First: we don't really say that arguments are true or false. Statements are true or false, but arguments have different kinds of properties.
One of those properties is, as you are obviously aware of, validity. However, another important property is well-foundedness, which means that the premises are true (or, for more practical everyday purposes, plausible or acceptable).
Well-foundedness is important, because if I am allowed to just assume anything as my premise, I can (validly!) argue for anything. For example:
"All dogs are purple. Foofy is a dog. Therefore, Foofy is purple"
This argument is logically valid, but not well-founded. And indeed, as such it is a bad argument.
... which is probably just what you were looking for when you said you wanted a valid but 'false' argument. Indeed, instead of saying that arguments are true or false, you can say they are good or bad (and of course anything in between: pretty good, pretty bad, ho-hum, excellent, terrible, etc.)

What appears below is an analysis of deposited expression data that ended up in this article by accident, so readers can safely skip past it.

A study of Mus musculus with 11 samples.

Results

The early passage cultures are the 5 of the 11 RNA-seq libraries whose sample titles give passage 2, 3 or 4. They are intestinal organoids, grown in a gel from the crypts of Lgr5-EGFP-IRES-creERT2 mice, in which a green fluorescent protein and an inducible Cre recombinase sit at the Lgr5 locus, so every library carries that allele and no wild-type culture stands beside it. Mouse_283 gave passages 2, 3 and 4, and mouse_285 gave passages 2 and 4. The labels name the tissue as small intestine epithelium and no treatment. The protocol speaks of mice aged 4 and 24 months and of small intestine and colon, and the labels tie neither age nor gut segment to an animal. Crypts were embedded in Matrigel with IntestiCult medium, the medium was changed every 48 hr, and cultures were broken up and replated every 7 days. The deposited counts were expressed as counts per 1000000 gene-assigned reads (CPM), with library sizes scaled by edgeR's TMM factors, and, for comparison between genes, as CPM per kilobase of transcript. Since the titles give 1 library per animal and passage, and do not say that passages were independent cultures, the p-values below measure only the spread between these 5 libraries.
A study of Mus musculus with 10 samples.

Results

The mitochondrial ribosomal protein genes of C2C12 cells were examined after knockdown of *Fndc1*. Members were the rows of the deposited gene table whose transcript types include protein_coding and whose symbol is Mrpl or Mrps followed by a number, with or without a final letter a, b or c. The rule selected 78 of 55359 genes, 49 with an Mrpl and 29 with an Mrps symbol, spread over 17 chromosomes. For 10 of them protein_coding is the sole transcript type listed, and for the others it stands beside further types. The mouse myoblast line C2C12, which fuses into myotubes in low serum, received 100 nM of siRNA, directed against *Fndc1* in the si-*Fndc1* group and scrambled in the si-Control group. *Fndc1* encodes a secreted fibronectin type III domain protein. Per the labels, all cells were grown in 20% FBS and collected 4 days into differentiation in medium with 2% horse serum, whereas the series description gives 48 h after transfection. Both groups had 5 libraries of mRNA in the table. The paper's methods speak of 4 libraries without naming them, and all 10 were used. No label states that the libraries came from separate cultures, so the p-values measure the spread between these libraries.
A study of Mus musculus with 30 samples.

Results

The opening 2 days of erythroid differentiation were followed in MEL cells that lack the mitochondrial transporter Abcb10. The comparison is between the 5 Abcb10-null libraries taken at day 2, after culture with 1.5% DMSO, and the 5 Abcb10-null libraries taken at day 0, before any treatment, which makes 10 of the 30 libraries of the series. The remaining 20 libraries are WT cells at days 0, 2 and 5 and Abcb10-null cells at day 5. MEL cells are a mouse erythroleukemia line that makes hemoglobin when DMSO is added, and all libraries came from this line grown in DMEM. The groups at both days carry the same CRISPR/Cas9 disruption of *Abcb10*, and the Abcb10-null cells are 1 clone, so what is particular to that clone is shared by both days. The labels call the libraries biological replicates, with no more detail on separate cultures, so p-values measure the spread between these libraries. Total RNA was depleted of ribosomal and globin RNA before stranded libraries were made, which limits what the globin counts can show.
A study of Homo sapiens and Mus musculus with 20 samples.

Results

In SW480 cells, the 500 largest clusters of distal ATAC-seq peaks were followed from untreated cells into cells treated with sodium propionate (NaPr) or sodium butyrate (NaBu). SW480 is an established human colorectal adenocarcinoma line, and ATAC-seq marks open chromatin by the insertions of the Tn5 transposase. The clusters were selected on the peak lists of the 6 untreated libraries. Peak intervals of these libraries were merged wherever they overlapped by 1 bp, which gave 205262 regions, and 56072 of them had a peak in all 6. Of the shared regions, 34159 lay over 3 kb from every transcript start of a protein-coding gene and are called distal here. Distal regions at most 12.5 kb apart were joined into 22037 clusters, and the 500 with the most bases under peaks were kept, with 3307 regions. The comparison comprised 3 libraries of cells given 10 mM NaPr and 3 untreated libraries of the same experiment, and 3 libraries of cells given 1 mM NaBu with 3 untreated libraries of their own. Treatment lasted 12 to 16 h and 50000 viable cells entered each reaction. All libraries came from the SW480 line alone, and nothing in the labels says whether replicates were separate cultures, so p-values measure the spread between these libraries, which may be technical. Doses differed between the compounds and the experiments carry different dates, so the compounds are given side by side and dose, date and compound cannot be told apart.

A special kind of 'bad' argument is something like this:
"Bananas are yellow. Therefore, bananas are yellow"
Interestingly, this argument is logically valid, and its premises are true (well, not in my local supermarket, which for some reason thinks that I would like to purchase their still green bananas, but you get the point). However, it is what you will recognize as a circular argument ... which is bad. OK, but why exactly is it bad? Well, think about it: why would someone be looking for an argument as to whether bananas are yellow or not? Presumably it is exactly because such a person doesn't know whether bananas are yellow or not. And we really shouldn't be assuming something that, to this person, is not acceptable ... which is another reason why for real life purposes, it may be more useful to define well-foundedness as 'the premises are acceptable' rather than 'the premises are true'.